London may not be under-endowed with luxury hotels, but until now they have tended to cluster around Mayfair and Park Lane. So Four Seasons’ decision to open its second London five-star on the eastern edge of the City financial district, midway between the West End and the investment banks of Canary Wharf, marks a striking shift in the capital’s centre of gravity.
Four Seasons Ten Trinity Square occupies the former headquarters of the Port of London Authority, a grand Beaux-Arts building overlooking the Tower of London, which stood in for MI6 in Skyfall. Built between 1912 and 1922, when London was the greatest seaport in the world, it exudes Edwardian self-confidence, with an opulent marble lobby and walnut-panelled reception rooms that have been carefully restored to their former glory in a six-year, multimillion-pound programme of rebuilding and renovation.
The interiors of the 100-room hotel (which also has 41 serviced apartments that span the top four floors of the building) were designed by Bruno Moinard and Claire Betaille of Paris-based 4BI et Associés, whose previous work includes the Cartier boutique on Central Park and the rooms at the Hôtel Plaza Athénée. The centrepiece, quite literally, is the Rotunda, a glitzy circular lounge in the middle of the building, whose shallow gold-ribbed dome is supported by barley-sugar columns, and surrounded by a series of relief murals intended to evoke the maritime heritage of the site.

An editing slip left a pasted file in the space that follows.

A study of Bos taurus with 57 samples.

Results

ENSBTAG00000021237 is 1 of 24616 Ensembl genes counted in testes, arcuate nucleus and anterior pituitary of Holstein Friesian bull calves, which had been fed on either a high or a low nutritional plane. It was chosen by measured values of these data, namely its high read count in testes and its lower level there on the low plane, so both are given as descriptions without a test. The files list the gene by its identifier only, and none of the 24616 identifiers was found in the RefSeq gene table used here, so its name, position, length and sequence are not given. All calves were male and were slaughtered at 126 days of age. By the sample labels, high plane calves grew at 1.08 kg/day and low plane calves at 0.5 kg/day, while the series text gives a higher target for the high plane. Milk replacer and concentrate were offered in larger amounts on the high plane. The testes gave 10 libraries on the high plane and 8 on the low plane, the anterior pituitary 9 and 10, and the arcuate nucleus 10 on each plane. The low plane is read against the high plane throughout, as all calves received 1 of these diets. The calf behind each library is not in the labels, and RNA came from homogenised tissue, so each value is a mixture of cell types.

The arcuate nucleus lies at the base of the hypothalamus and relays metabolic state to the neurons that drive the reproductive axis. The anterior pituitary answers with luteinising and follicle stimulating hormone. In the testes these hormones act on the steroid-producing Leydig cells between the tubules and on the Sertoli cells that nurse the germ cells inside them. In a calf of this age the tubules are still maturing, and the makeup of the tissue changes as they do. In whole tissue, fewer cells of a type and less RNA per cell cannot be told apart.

Two restaurants open off the lobby: La Dame de Pic, the first British offering from the French-based three-Michelin-starred chef Anne-Sophie Pic, with an equally upscale Asian restaurant designed by Hong Kong’s AB Concept to follow later this year.
Downstairs is the 1,680 sq m day spa, designed in a neo-Roman style by Joseph Caspari, includes eight treatment rooms, a hammam and a 14m pool. More unusually, the ground floor is where you’ll find the nine Heritage Suites, their location capitalising on the original five-metre-high ceilings and period detailing. These open in May along with the third-floor Presidential Suite, which offers dining for eight and a small private terrace – though our vote goes to the Executive Rooms for their winning combination of size and more contemporary design. Eastward ho!